When mom's blood sugars get too high during pregnancy, her body shuttles it to baby, who has no choice but to store it as fat. At birth, these infants can weigh 9 pounds or more, making them more apt to become obese and to develop type 2 diabetes later in life.

Fear not. Besides the fact that Christmas cookies may be off the wish list, most women can control gestational diabetes and have healthy bouncing babies of normal weight. Here's how:

-Don't blame yourself. Gestational diabetes is not caused by overdosing on candy canes. Rather, it's a condition aggravated by the changing hormones of pregnancy.

-Consult with a registered dietitian. You'll need a wise man (or woman) to guide you through the intricacies of counting carbohydrates and spacing meals.

-Deck the halls with small meals and snacks. Pregnancy requires the same nutrients whether you have gestational diabetes or not. Just not in big doses.

-Control carbohydrates. Sugars and starches in fruit, bread, pasta and figgy pudding are the main culprits of high blood sugars if you eat too much at one time. Each of these foods contains about 15 grams of carbohydrate: one small apple, orange or pear, 8 ounces of milk, one slice of bread, one-third cup of pasta or rice. Most women with gestational diabetes need to aim for not more than 30 to 45 grams of carbohydrates per meal or snack.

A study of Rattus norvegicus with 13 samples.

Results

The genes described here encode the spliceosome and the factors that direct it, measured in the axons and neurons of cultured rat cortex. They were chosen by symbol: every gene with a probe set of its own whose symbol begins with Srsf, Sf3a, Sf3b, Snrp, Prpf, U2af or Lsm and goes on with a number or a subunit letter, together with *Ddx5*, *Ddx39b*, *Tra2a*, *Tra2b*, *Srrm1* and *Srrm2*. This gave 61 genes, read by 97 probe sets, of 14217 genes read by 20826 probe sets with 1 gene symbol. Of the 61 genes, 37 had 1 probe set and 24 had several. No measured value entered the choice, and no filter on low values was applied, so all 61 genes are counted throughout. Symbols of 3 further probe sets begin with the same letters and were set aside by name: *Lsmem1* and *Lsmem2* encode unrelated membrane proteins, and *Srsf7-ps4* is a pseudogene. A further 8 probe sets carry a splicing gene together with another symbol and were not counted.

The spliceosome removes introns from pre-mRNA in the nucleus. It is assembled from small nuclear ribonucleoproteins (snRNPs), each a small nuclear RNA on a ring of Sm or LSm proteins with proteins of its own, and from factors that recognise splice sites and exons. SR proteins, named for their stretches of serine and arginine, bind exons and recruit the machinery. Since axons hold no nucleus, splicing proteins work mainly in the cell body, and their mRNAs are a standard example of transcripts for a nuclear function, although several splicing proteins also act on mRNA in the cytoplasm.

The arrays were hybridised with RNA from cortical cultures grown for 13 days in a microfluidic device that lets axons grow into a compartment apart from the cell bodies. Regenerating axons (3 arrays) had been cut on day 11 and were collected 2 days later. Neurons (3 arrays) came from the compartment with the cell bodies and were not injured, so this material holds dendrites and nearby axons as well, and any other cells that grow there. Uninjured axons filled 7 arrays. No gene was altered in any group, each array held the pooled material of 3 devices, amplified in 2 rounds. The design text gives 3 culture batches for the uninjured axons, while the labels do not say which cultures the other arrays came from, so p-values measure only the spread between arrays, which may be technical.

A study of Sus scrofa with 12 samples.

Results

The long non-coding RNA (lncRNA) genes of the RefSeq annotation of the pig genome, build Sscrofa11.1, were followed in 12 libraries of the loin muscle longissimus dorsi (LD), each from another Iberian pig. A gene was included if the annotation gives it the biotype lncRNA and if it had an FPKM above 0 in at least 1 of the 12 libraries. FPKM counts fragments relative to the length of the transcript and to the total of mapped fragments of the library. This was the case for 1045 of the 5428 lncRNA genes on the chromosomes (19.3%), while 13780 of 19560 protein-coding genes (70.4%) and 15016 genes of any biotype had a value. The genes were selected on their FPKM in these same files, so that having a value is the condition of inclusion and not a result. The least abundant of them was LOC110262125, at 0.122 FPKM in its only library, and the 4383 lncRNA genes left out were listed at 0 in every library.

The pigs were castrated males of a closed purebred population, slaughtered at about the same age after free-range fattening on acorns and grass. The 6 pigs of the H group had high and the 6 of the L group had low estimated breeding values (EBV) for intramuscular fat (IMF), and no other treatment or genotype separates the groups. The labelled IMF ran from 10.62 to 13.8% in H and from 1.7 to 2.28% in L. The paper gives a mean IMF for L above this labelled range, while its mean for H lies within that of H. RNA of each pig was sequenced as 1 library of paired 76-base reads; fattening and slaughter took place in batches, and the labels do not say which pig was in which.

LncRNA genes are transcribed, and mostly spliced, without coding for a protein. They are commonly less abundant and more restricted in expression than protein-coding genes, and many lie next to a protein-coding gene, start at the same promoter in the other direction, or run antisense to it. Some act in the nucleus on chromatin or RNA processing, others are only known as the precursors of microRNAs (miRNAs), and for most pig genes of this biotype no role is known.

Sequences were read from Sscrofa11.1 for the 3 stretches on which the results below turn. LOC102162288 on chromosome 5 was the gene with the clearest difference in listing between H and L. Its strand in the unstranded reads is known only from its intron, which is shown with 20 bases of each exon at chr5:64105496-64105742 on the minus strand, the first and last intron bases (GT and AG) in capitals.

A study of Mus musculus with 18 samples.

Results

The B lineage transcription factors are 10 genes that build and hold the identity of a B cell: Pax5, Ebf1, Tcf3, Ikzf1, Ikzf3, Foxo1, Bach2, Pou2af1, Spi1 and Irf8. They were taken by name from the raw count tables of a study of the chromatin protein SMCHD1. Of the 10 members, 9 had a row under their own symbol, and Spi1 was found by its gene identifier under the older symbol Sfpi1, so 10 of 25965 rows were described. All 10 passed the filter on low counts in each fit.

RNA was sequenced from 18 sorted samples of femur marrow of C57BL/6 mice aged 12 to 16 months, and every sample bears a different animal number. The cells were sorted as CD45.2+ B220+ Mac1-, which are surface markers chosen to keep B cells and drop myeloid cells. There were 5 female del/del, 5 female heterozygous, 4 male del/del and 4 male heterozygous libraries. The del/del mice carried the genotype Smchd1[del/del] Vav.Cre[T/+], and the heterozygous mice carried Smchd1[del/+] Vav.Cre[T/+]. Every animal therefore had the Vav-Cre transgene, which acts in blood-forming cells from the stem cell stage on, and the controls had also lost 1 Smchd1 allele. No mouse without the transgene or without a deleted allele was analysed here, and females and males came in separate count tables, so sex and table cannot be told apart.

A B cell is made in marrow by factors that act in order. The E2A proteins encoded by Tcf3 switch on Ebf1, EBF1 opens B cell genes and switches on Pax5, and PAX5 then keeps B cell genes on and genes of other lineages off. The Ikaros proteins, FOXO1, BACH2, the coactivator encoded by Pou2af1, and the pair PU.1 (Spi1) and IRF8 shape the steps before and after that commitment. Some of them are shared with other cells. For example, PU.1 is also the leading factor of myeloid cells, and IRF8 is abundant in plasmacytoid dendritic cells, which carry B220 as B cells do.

-Gain weight slowly. If you started your pregnancy at a normal weight, expect to gain 25 to 35 pounds throughout your pregnancy. Overweight women need to gain less. And try not to pack on the whole 25 pounds during the last two weeks of December.

-Eat your vegetables. Broccoli, cauliflower, tomatoes and other vegetables are very low in carbohydrates and provide much-needed nutrients for pregnancy.

-Pass the nuts, please. Protein foods such as nuts and low fat cheese give growing babies a nutritional punch and do not raise blood sugar levels.

-Test those blood sugars. Most women with gestational diabetes need to check their blood glucose levels four or more times a day throughout their pregnancy. Tight blood sugar control is the key to a happy birth day.

-Take a walk. Unless your doctor advises against it, exercise helps keep blood sugar levels normal. No sit-ups, please.

-Follow-up post-partum. Six weeks or more after your little one has entered the world, start nagging your doctor to order a blood glucose test. It's the only way to know if the diabetes you had during pregnancy went away.

-Plan future pregnancies carefully. Women with a history of gestational diabetes are at increased risk of having diabetes in the future.


(Barbara Quinn is a registered dietitian and diabetes educator at the Community Hospital of the Monterey Peninsula. E-mail her at bquinn(AT)


(c) 2005, The Monterey County Herald (Monterey, Calif.). Distributed by Knight Ridder/Tribune News Service.